Brooklyn Boys

5 Mar

I have a piece of information that may taint my rep, but I must say it, for it is the truth. And I. Won’t. Run. From. The Truth.

I’ve been attending singles events since the age of 4. Not voluntarily, of course. It kind of just comes with the territory of having a shadchan for a grandmother. It worked out great for my parents. They got a free stay at a fancy hotel with good food, and my grandmother had the moral support she needed to deal with the newest slew of marriage hungry 30-somethings who had no intention of compromising on their dream spouse.

Yup, my Savti, who left the business 10 years ago, was that person. She ran the glitzy Shabbos Nachamus, told the women to not let the threat of baldness get in the way of them getting married and taught the men how to tuck in their shirts. These events were not for the “normal” people. These were for the people who missed the first ferry off the Isle of Singleness and were looking to get out on the next outbound boat. It’s not nice to say, but the shidduch business is not a nice business. You gotta be honest, you gotta be real or you’re going to steadily increase your annual adoption of felines.

Having a shadchan in the family can lead to lots of scary things:

1) Seeing adults behaving like children.

2) Hearing about 50-year old men who still think they can get a 20-year old “chick”.

3) Having shidduchim rhedt for me at age 10.

But one of the good things about having a shadchan for a grandmother was the pearls of advice I got early on. It’s like getting a tip before a horse race. Not always 100% reliable but still useful.

The first tip I can remember getting from Savti was , “Coral, whatever you do, don’t go out with a Brooklyn boy.”

“Why not?” was my innocent reply.

“Why not, shaffele? I’ll tell you why. They’ll go to your second grade teacher and ask how you behaved during lunch. They’ll go to your high school principal and as if you participated in the school production. They’ll go to your neighbors and ask them to find out if your parents have round knobs on their nightstands or square ones. They’ll ask the local tailor if my coat is real fur or fake. They’ll inquire into what kind of china we use on shabbos. Coral, if you plan on marrying a Brooklyn boy, you had better tell your mother to switch to Lenox and fast. What I’m telling you shaffele, is that you can do so much better with an out-of-towner. Really, you should forget the whole New York. I’ll find you plenty of good Balitmore boys, but if you really must date the New Yorkers, stay away from Brooklyn.”

Being unsure as to how this pertained to my present 10-year old life, I took the information graciously and moved on. Barbies were so less complicated, I planned on sticking with them.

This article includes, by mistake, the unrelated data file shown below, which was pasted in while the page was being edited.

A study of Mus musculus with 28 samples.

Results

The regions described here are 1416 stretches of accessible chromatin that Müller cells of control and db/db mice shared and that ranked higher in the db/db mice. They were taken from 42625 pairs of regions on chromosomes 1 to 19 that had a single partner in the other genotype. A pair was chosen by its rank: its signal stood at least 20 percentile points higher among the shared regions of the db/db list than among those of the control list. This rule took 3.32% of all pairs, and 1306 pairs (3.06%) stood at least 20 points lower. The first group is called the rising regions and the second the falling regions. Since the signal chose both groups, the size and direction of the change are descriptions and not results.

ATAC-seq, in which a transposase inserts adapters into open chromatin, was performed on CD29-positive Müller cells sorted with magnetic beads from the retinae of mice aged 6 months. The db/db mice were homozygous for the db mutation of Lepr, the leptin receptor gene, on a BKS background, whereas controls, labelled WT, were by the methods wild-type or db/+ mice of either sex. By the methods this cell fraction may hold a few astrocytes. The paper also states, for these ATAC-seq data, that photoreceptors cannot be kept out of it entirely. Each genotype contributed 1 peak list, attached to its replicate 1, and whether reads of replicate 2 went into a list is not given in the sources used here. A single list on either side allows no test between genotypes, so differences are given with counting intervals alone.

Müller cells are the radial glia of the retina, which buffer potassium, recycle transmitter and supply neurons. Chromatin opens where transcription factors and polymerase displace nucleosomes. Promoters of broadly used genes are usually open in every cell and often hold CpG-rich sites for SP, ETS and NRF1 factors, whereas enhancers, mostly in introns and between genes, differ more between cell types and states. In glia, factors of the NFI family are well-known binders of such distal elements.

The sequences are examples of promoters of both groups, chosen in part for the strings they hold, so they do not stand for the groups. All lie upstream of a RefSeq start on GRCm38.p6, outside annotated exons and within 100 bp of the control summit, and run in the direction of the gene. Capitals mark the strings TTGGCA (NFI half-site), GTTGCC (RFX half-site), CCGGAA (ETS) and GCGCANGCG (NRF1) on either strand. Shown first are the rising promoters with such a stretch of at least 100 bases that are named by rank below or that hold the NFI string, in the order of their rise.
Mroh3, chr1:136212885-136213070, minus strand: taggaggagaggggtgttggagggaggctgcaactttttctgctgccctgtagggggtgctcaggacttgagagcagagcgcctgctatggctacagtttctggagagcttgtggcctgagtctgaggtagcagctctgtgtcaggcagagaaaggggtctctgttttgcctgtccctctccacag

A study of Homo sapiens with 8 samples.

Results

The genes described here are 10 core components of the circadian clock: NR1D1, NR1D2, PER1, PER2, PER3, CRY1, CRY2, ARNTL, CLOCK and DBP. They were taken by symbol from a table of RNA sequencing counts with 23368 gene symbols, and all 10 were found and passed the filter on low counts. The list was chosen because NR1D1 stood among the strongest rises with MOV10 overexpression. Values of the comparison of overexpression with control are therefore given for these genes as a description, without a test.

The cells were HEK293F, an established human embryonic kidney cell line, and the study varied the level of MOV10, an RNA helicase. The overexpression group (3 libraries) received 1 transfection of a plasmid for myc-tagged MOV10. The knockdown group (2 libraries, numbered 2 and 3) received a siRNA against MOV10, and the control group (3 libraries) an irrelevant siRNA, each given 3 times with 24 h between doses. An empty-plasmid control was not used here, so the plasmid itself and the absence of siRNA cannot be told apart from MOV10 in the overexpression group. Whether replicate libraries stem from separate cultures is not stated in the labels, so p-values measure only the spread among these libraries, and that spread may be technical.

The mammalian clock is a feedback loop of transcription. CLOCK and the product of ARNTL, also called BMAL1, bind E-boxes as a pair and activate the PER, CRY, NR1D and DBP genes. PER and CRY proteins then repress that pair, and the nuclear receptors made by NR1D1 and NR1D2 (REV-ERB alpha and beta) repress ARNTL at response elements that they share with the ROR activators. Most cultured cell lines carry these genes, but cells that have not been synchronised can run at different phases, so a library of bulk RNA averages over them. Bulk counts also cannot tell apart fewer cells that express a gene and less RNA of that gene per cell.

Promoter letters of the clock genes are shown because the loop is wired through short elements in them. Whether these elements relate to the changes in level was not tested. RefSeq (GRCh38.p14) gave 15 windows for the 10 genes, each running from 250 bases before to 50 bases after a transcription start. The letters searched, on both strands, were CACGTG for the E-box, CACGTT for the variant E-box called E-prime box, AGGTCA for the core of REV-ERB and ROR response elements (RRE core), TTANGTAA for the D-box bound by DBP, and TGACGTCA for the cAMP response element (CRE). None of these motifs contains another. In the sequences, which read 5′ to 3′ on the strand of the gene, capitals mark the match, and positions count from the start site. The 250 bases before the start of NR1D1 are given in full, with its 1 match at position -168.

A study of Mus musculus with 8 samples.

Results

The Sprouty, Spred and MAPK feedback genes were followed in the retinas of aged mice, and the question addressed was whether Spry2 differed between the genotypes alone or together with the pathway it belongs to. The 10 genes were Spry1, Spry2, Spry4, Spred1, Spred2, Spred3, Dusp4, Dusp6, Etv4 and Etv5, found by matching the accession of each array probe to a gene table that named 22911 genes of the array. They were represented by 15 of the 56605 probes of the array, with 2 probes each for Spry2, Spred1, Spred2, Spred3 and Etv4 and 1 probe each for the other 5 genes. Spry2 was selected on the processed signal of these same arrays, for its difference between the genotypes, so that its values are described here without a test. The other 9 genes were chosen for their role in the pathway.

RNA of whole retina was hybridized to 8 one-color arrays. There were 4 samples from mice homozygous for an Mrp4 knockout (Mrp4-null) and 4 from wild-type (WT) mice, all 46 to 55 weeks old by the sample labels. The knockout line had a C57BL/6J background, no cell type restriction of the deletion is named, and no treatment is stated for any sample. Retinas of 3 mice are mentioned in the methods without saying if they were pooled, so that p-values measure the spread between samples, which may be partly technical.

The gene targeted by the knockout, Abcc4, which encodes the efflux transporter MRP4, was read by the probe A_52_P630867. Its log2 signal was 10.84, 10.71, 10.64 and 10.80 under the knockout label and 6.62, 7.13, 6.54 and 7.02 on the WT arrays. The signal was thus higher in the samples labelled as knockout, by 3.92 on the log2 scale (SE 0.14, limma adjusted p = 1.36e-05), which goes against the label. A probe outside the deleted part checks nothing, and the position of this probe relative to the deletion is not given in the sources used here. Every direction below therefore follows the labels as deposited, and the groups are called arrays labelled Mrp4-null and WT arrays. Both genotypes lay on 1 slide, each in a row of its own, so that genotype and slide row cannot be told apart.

Ten years later, I’ve broken the rule once so far. I was suggested two guys from Brooklyn but one so scarily resembled my Savti’s Brooklyn boy caricature, that we never even made it to a first date. The other one however, was a real gentleman. He held the doors open for me, offered me a second drink at Starbucks and laughed at my jokes (yes, laughing at someone’s jokes can count as a chessed, although mine are always funny).

I didn’t want to say anything to Savti. After all, I had only been out with him once.

“So how was your date?” she smirked that know-it-all smirk of hers.

“What makes you think I was on a date?”

“I could hear it in voice when I called you the other day, shaffele. You think I can’t tell?

Drat.

“No, of course you can, Savti. It went well, Baruch Hashem.”

“So where’s he from?”

Would she be able to hear that in my voice too? No, it would be the utter dread in my eyes that gave it away. So I took the plunge:

“Brooklyn.”

“Very nice.”

“Really?” I asked astonished by her lukewarm response, “You don’t mind?”

“Obviously I’d prefer if you married a Baltimore boy but if he’s a mensch, he’s a mensh. If he really loves you, he’ll move out to somewhere with normal parking. Really, it’s a big plus for him. You’ll give him a good reason to get out of there.”

Ah, shadchans. Always looking five steps ahead.


  1. Princess Lea March 8, 2010 at 12:22 pm #

    I was also a major Barbie player. I reluctantly abandoned them (now perfectly packaged in my closet, off limits to nieces who’ll just pop off the heads) at a very late age.

    Brooklyn, sadly, has a bad rap. Considering how my family is from there, it’s kind of distressing. The mishagas comes more from the mothers than from the boys, though, and a mensch is a mensch. I would find it actually more admirable to go out with a Brooklyn mensch – they have become one in the face of “adversity.”

  2. coralcap March 8, 2010 at 5:22 pm #

    Yeah I loved my Barbies until I was about 11. Then all their accessories, clothes and Kens started mysteriously disappearing so I didn’t bother saving them. My theory is that my brother’s stole all of the stuff (and Kens) and fed them to our Guinea Pig.

    I’m sure most of the mishagas comes from the mothers, but this one boy, whose mother I didn’t even speak to asked some pretty personal questions and added in some pretty ridiculous comments as well. A mensch is a mench; doesn’t matter where he comes from. Out-of-towners have a better track-record for being mensches but I went out with an out-of-towner who acted like a mensch but clearly had no respect for me.